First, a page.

Supreme Court Justice Jackson Is Writing a Memoir

From a Washington Post story by Ann E. Marimow headlined “Supreme Court Justice Ketanji Brown Jackson is writing a memoir”:

Supreme Court Justice Ketanji Brown Jackson, the first Black woman to serve on the high court, is writing a memoir as part of a book deal.

Jackson said her book, “Lovely One,” will be a “transparent accounting of what it takes to rise through the ranks of the legal profession, especially as a woman of color with an unusual name and as a mother and a wife striving to reconcile the demands of a high-profile career with the private needs of my loved ones.”

“Mine has been an unlikely journey,” Jackson said in the statement released by her publisher, Random House.

Jackson, who is serving her first term on the court, was nominated by President Biden in February to replace Justice Stephen G. Breyer, who retired in June. She is following the path of several Supreme Court justices who have earned additional income from writing books about their lives and work.

The announcement does not include a publication date, and Random House declined to comment on the financial terms for Jackson’s book, but several justices have struck lucrative contracts. Soon after she took the bench in 2020, Justice Amy Coney Barrett signed up with a conservative imprint of Penguin Random House. Last year, Barrett reported receiving $425,000 — more than double the salary she was paid as a law professor — as part of the agreement. Politico reported at the time that she would be paid a total of $2 million for the book.

Justices Sonia Sotomayor and Clarence Thomas have also reported payments from book deals. Sotomayor reported about $115,000 in royalty payments from Penguin Random House in 2021, on top of more than $3.3 million she previously reported in book payments since 2010. Thomas reportedly sold his memoir, “My Grandfather’s Son,” to HarperCollins for a seven-figure advance in 2003.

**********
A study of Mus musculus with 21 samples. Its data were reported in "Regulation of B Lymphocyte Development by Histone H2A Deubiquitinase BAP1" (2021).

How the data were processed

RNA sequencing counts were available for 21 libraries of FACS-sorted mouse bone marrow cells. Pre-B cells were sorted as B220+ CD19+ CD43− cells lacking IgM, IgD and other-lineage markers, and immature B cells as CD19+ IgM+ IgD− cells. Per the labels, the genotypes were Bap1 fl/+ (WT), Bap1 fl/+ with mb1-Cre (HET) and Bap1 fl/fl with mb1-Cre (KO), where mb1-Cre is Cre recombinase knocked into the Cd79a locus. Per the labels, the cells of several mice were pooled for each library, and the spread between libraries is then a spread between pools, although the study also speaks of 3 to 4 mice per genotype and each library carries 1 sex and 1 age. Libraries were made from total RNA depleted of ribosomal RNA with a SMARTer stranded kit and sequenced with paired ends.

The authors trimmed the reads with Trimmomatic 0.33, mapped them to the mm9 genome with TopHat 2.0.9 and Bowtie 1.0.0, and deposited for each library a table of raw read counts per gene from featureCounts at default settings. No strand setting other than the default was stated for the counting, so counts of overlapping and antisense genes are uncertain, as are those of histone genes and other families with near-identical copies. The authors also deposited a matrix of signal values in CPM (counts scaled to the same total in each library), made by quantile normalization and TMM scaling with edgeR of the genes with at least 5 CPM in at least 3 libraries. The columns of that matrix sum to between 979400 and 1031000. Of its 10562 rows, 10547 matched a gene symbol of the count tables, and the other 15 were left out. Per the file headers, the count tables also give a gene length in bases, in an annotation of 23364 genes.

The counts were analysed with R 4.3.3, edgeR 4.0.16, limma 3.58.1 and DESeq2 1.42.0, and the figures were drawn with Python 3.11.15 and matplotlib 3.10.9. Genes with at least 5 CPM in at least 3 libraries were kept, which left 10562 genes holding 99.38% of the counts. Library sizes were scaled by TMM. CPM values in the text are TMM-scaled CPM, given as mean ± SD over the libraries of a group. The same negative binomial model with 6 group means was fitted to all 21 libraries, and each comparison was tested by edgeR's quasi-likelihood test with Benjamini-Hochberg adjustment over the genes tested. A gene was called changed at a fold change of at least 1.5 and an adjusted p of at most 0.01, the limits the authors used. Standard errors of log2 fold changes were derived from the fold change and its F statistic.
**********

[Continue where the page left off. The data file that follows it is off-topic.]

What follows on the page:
The title of Jackson’s memoir, “Lovely One,” is a reference to the name — Ketanji Onyika — that Jackson’s parents gave her. It was chosen from a list sent to them by Jackson’s aunt, who was a Peace Corps volunteer in West Africa when the future jurist was born in 1970. In public appearances, Jackson has described herself as a “child of the ’70s,” whose parents were civil rights activists and educators.

The memoir will trace Jackson’s path from her childhood in Miami to Harvard College and law school, and eventually to making history as the court’s first Black, female justice.

“She describes her challenges and triumphs, shares her love story with refreshing honesty, lively wit, and warmth, and ultimately tells a moving, open-hearted tale that will spread hope for a more just world,” according to the announcement. “Her story is an ode to dreaming unabashedly, overcoming adversity, and seeking justice for all. It is also a testament to how each of us can work towards building an extraordinary future and open doors to change for generations to come.”

Associate justices earn $274,200 a year and are limited to outside income of no more than $30,000 per year, according to federal ethics rules. But book-writing payments are not considered “outside earned income,” allowing the justices to enter into sizable agreements with publishers.

Ann Marimow covers legal affairs for The Washington Post. She joined The Post in 2005 and has covered state government and politics in California, New Hampshire and Maryland.